From today's edition of "Who Thought That Was A Good Idea", we have this from the NYTimes:
The Bush administration announced yesterday the winner of a competition to design the nation’s first new nuclear weapon in nearly two decades and immediately set out to reassure Russia and China that the weapon, if built, would pose no new threat to either nation.
If President Bush decides to authorize production and Congress agrees, the research could lead to a long, expensive process to replace all American nuclear warheads in the next few decades with new designs.
The first to be replaced with the new Reliable Replacement Weapon would be the W-76, a warhead for missiles deployed on submarines.
Officials said the Lawrence Livermore National Laboratory in California would design the replacement warhead based on previously tested components, allowing the administration to argue that no new underground tests would be necessary before deploying the new weapon.
And just in time to test in, oh, say Iran? And why more now? Don't we have enough?
The Brookings Institution has this:
6. Total number and types of nuclear warheads and bombs built, 1945-1990: more than 70,000/65 types
U.S. Department of Energy; Natural Resources Defense Council, Nuclear Weapons Databook Project
7. Number currently in the stockpile (2002): 10,600 (7,982 deployed, 2,700 hedge/contingency stockpile)
Natural Resources Defense Council, Nuclear Weapons Databook Project
8. Number of nuclear warheads requested by the Army in 1956 and 1957: 151,000
History of the Custody and Deployment of Nuclear Weapons, July 1945 Through September 1977, Prepared by the Office of the Assistant Secretary of Defense (Atomic Energy), February 1978, p. 50 (formerly Top Secret)
9. Projected operational U.S. strategic nuclear warheads and bombs after full enactment of the Strategic Offensive Reductions Treaty in 2012: 1,700-2,200
U.S. Department of Defense; Natural Resources Defense Council, Nuclear Weapons Databook Project
10. Additional strategic and non-strategic warheads not limited by the treaty that the U.S. military wants to retain as a "hedge" against unforeseen future threats: 4,900
U..S. Department of Defense; Natural Resources Defense Council, Nuclear Weapons Databook Project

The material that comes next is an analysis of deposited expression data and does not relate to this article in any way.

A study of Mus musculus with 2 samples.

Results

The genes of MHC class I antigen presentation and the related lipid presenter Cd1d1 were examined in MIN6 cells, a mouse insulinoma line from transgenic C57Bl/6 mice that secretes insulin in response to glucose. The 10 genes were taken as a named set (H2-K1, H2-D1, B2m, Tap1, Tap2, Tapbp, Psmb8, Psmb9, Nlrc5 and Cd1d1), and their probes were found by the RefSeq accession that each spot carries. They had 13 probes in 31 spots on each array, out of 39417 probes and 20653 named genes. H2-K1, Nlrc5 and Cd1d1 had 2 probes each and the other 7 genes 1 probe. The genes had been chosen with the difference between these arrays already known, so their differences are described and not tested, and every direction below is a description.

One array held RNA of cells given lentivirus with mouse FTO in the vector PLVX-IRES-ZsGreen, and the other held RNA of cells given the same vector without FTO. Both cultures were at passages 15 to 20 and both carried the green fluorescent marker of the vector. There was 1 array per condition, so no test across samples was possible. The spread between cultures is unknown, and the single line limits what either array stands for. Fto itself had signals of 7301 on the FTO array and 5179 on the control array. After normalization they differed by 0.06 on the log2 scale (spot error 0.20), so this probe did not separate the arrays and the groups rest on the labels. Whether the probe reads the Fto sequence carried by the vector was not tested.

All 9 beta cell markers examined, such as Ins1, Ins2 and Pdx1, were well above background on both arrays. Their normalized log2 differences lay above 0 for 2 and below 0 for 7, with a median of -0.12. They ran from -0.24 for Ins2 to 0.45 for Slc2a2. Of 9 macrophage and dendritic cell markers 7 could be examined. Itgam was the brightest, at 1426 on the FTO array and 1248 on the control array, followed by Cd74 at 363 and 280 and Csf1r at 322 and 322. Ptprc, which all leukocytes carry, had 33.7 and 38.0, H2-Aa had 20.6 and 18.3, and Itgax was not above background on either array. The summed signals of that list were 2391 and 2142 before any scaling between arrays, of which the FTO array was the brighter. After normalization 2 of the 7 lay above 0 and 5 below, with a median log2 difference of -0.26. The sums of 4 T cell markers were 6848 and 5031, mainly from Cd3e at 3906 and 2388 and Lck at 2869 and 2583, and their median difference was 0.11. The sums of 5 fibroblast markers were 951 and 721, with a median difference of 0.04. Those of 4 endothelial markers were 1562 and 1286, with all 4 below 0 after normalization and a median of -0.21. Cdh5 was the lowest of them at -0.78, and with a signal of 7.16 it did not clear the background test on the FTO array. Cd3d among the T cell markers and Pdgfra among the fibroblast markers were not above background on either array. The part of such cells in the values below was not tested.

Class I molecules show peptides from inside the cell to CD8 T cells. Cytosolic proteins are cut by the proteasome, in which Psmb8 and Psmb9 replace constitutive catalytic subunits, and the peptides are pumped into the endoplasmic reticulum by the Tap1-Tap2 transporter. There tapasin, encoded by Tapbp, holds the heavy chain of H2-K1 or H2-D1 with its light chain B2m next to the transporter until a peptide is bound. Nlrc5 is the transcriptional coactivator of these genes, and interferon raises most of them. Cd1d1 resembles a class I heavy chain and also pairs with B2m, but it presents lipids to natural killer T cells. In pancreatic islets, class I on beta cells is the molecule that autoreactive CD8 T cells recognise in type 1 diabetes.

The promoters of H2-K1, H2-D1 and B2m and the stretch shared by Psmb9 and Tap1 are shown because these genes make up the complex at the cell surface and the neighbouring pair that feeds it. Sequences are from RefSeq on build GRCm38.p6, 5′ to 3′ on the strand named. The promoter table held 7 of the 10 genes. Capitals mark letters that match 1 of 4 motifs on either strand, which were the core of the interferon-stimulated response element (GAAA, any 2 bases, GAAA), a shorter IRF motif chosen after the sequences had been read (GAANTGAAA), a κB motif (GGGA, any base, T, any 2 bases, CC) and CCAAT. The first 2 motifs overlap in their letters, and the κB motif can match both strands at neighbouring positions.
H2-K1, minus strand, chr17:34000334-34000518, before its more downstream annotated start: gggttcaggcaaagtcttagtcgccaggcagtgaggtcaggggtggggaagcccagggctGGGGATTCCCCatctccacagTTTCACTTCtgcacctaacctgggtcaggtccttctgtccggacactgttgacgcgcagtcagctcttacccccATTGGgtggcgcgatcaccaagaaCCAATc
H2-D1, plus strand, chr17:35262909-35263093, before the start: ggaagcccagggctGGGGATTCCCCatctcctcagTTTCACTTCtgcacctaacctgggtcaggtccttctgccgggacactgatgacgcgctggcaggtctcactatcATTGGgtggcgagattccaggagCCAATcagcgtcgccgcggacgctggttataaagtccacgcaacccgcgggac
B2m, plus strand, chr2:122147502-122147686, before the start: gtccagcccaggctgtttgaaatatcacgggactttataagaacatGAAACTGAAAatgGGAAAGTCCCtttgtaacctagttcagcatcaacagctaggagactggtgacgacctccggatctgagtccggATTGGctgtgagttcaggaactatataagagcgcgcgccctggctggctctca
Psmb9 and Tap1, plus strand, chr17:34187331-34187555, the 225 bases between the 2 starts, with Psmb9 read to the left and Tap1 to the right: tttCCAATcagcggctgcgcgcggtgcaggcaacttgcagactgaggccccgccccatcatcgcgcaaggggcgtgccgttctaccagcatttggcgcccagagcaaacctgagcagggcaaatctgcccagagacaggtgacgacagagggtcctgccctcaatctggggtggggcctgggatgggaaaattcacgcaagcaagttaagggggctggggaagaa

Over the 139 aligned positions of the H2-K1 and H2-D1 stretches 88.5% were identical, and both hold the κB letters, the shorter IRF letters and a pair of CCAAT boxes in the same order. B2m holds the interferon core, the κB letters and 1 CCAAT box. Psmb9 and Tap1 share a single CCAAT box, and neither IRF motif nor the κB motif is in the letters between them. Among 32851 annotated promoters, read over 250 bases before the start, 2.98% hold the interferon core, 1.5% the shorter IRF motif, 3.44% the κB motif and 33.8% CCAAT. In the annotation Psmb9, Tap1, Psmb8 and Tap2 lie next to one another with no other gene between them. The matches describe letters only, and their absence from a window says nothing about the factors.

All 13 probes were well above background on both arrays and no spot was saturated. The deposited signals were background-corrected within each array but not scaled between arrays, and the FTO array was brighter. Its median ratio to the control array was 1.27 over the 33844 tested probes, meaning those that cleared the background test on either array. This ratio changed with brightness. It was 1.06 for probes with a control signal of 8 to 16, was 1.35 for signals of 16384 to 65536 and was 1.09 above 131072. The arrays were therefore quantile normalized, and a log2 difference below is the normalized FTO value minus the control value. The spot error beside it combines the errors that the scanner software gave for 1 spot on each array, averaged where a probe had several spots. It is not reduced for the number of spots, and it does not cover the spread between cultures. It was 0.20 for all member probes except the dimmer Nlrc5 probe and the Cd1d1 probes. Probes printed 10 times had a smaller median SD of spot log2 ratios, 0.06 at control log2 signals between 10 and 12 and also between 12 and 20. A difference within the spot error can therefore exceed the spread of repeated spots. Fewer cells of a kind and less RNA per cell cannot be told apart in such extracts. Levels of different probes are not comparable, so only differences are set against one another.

Go read the entire page, "50 Facts About U. S. Nuclear Weapons", it's stunning.
So depending on the math, we either have 10,900, or 7,100 (4,900 + 2,200) warheads and bombs on the shelf, or in the field.
And yet we need more? Of course, GWBush signed the Moscow Treaty on Strategic Offensive Reductions in 2002:
Today, President George W. Bush and President Vladimir Putin signed the Moscow Treaty on Strategic Offensive Reductions. Under this Treaty, the United States and Russia will reduce their strategic nuclear warheads to a level of 1700-2200 by December 31, 2012, a level nearly two-thirds below current levels.
This new, legally-binding Treaty codifies the deep reductions announced by President Bush during the November 2001 Washington/Crawford Summit and by President Putin at that Summit and a month later. It is part of the new strategic framework that the United States and Russia have established. This framework includes a broad array of cooperative efforts in political, economic, and security areas, and marks a new era in our bilateral relationship.
The Treaty requires each country to reduce and limit its strategic nuclear warheads to 1700-2200 by December 31, 2012. Each side may determine for itself the composition and structure of its strategic forces consistent with this limit. A Bilateral Implementation Commission will meet at least twice a year to discuss issues related to the Treaty.
So I'm pretty sure that means that adding new nukes will violate that treaty.
Not that that's a problem of anything.